The Truth Behind Windows 7
It’s been a couple weeks now that I’ve been playing with Windows 7 so I figured it’s about time to speak out. To the delight of the folks in Redmond, I’m not the only one talking about the new Windows.
There are currently two versions of the new Windows. The first one was given to developers at the Microsoft Professional Developers Conference to get us excited. The 2nd is what the developers were shown at the conference. Most of the images you’ll see online are from the 2nd version available to internal Microsoft developers.
Developers at the Microsoft Professional Developers Conference were all given a Western Digital USB hard drive with the alpha version of Windows 7.
I’m happy with the version of Windows 7 I’m running. It’s stable and so far has been able to handle everything I’ve thrown at it. This is the diversion that Microsoft had hoped for. Redmond desperately needs the buzz to prevent a mass exodus from Windows Vista toward Apple.
A recent survey by ChangeWave predicts that 33% of laptop sales during the next three months will be from Apple. I’ve seen this coming but my prediction would be closer to 15–20%.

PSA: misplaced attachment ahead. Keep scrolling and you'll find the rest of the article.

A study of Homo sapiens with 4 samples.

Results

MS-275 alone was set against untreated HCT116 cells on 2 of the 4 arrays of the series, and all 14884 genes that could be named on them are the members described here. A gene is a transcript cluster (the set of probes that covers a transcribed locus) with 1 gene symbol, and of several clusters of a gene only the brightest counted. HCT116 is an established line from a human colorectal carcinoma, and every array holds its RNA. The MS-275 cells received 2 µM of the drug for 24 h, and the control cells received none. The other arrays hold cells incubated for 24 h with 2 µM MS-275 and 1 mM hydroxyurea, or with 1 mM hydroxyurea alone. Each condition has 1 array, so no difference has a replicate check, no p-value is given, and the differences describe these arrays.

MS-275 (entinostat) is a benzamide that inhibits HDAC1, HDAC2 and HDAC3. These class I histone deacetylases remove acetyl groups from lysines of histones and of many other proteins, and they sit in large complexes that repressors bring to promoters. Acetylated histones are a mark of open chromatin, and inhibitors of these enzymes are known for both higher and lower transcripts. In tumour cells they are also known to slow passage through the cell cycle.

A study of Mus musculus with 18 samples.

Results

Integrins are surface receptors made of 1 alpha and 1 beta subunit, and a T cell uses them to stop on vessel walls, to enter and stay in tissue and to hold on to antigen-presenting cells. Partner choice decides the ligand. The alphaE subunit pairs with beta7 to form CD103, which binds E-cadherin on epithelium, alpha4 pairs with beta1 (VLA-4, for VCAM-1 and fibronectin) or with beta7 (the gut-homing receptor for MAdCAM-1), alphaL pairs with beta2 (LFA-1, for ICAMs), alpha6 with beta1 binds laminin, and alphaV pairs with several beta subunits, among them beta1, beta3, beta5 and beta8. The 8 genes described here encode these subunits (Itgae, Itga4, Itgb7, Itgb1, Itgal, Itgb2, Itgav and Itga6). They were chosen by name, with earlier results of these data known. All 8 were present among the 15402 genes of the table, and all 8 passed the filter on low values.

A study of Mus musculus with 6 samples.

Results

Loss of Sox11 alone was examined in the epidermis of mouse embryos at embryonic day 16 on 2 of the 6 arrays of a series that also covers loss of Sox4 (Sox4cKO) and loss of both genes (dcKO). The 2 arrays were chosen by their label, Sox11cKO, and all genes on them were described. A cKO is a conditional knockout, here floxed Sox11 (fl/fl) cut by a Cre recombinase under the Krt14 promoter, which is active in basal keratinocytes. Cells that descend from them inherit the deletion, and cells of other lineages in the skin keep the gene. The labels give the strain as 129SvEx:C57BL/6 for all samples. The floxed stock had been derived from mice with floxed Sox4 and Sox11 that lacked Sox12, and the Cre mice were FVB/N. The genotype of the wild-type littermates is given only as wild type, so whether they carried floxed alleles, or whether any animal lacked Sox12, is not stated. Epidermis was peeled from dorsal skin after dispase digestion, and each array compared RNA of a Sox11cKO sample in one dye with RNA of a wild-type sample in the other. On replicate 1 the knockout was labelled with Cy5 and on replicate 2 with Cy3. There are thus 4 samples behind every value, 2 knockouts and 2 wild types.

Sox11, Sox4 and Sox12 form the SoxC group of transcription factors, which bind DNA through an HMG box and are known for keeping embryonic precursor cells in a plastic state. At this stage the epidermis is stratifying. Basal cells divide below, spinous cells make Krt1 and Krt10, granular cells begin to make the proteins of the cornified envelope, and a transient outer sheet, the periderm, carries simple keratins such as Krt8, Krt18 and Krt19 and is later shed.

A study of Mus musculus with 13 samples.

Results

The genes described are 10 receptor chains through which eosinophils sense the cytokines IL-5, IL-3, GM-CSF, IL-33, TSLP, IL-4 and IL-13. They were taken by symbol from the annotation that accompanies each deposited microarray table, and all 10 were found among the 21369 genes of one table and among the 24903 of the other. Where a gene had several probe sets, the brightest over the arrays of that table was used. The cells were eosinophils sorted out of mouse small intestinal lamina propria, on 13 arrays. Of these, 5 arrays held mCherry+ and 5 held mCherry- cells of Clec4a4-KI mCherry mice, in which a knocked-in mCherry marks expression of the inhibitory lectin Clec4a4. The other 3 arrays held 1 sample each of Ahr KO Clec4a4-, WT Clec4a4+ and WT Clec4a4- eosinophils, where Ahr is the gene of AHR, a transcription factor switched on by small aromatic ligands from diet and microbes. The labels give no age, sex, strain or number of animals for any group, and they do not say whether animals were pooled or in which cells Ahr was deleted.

Looking under the hood of my Windows 7, what I found looks like Windows Vista, smells like Windows Vista and feels like Windows Vista. I did find some memory optimization related to accessing the registry but I’m not sure if that’s good or bad yet. It seemed to speed up WinPatrol’s real-time detection but could slow frequent scans with the free version. I’ll be waiting for an official beta before doing serious benchmark testing.
So far the main difference seems to be new applications, configuration applets and some tweaking to the window manager that provides just a little performance gain. Most of the changes that I learned about during the conference are yet to be included.
“Ignore that man behind the curtain”
In one of the sessions at Microsoft PDC I learned how to integrate WinPatrol with new Windows 7 “Jump Lists” available off the cool new Task Bar. Unfortunately, I have to wait for a spring beta build before I can actually start programming for this feature. Jump Lists aren’t supported in my version of Windows 7 and the documentation still calls them “Destinations”.
Now, there is a little secret. The PDC version of Windows has a secret user flag that can make it appear like the 2nd. It works if you trick Windows 7 into thinking you’re on a specific Microsoft domain. If you’re one of the folks with access to the officially released version of Window you can find the instructions at WithinWindows.com.
Here's how WinPatrol looks on the taskbar if you're running the internal Microsoft version of Windows 7
If Microsoft allows Windows 7 to be technology driven I think we’ll be happy with the results. The Microsoft developers I met at PDC are highly motivated, and sincere. They did get me excited. If however, it’s market driven to meet holiday PC sales in 2009 it could be a disaster.